PHILADELPHIA -- Rebecca Burmeff said her house has turned into a makeshift factory to keep up with all the "Dutch Destroyer" bracelet orders that have come in.
Touched by the story of her son Lukas Kusters and his connection with Philadelphia Eagles quarterback Carson Wentz, people from all over the world have reached out to the family over the last several weeks, many seeking bracelets identical to the one that Lukas gifted Wentz during his Make-A-Wish visit to the Eagles facility.
Lukas died of stomach cancer 13 days after fulfilling his wish, which was to thank Wentz for sending him a personal video while he was going through treatment. He was buried in a Wentz jersey. He was 10.
As of Wednesday morning, the family had sold over 31,000 bracelets, Rebecca said, and raised $192,000. The money will go mainly to families and organizations fighting childhood cancers.
"We have gotten so much support and love from all over the world. Not just in bracelet sales, but in people sending encouragement and support and telling us how their story touched their lives in different ways," said Rebecca, who has received orders from people in Switzerland, England and Canada, to name a few. "It's been just wonderful."
An organization put together a volunteer event where 60 people came out and packaged the first round of bracelet orders -- totaling 8,500 packages. The rest they've been handling from home. The bulk of the shipments have arrived, as evidenced by the number of people taking to social media over the last several days to post pictures of themselves wearing "Dutch Destroyer" bracelets.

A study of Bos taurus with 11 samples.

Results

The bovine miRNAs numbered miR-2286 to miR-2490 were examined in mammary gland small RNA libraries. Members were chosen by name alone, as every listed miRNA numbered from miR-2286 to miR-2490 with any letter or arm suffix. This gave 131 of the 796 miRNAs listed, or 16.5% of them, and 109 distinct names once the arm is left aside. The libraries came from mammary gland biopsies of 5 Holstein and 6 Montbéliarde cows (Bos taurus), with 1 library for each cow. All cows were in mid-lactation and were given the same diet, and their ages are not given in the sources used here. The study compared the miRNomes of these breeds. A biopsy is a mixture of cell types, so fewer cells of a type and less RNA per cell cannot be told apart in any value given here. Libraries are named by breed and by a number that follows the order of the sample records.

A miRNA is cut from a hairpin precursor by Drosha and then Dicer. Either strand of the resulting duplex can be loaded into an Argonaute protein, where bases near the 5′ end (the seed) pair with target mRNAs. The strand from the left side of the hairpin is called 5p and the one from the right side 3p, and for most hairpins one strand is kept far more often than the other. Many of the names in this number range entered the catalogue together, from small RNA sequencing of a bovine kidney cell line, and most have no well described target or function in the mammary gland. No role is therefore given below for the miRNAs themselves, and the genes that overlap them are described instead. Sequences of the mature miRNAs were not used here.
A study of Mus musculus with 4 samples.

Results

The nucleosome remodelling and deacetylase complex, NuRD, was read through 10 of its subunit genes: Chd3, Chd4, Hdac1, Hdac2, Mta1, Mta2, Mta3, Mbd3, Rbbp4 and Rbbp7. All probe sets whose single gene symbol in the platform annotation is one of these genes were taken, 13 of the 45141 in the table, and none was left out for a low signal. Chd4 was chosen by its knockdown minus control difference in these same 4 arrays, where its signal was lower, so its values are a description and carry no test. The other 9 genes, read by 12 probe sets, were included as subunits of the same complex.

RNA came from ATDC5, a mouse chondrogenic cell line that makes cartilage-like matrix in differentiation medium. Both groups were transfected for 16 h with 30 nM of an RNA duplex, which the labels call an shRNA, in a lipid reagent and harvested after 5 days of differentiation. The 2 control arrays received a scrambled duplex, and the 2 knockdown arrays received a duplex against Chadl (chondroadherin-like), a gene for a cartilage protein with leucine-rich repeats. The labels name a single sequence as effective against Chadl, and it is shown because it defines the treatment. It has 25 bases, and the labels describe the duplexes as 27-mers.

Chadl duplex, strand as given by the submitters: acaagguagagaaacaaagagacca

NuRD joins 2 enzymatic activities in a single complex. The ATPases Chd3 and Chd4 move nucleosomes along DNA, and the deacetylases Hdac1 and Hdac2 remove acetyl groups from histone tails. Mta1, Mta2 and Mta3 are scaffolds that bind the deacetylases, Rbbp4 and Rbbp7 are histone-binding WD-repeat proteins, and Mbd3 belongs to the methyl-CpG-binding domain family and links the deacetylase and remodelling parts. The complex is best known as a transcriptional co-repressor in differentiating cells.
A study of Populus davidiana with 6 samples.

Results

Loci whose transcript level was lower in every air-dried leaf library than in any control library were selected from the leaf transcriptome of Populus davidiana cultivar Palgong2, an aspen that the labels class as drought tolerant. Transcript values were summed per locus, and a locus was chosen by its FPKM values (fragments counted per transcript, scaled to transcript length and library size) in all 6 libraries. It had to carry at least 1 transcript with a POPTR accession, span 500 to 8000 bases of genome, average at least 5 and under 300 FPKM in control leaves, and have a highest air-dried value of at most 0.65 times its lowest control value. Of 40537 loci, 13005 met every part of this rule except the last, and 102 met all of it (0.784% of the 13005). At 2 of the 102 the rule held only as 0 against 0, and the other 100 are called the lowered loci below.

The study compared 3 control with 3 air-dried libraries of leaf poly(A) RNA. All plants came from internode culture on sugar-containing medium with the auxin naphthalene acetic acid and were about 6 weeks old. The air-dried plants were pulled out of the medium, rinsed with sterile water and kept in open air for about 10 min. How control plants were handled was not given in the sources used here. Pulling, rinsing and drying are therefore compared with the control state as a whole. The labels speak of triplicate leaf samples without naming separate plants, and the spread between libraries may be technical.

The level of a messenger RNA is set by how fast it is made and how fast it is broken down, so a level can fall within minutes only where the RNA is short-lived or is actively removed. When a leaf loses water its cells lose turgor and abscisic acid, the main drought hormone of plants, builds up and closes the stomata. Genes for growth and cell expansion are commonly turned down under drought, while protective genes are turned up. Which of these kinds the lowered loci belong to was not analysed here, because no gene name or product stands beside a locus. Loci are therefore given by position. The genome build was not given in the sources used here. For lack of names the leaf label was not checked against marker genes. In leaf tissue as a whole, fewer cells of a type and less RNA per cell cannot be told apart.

That's not the only way people have been showing their support. A youth team consisting of third- and fourth-graders from the Gainesville Boys and Girls Club in Muenster, Texas, has dedicated its season to Lukas. The players have "Dutch Destroyer" on the back of their jerseys where the individual names usually go.
This weekend, the family will be guests of honor at Wentz's alma mater, North Dakota State, for its game against South Dakota. The plan is to visit North Dakota's Make-A-Wish branch as part of the trip. The team will honor Lukas during the game.
"We have had families, kids, adults, parents reaching out, telling us all these different ways Lukas' story has touched their lives. They're endless," Rebecca said. "We had one gentleman send us a message saying that I guess he had been at odds with his own son for some time and after seeing the story they have since reconnected.
"I think we have this unique opportunity that unfortunately so many other people don't get where we're able to take this horrible, horrible loss and make something good from it. That's very important to me, so that's really what's driving me right now: Keeping Lukas' memory alive. There's people literally all over the country wearing his bracelet and carrying him and his message with them."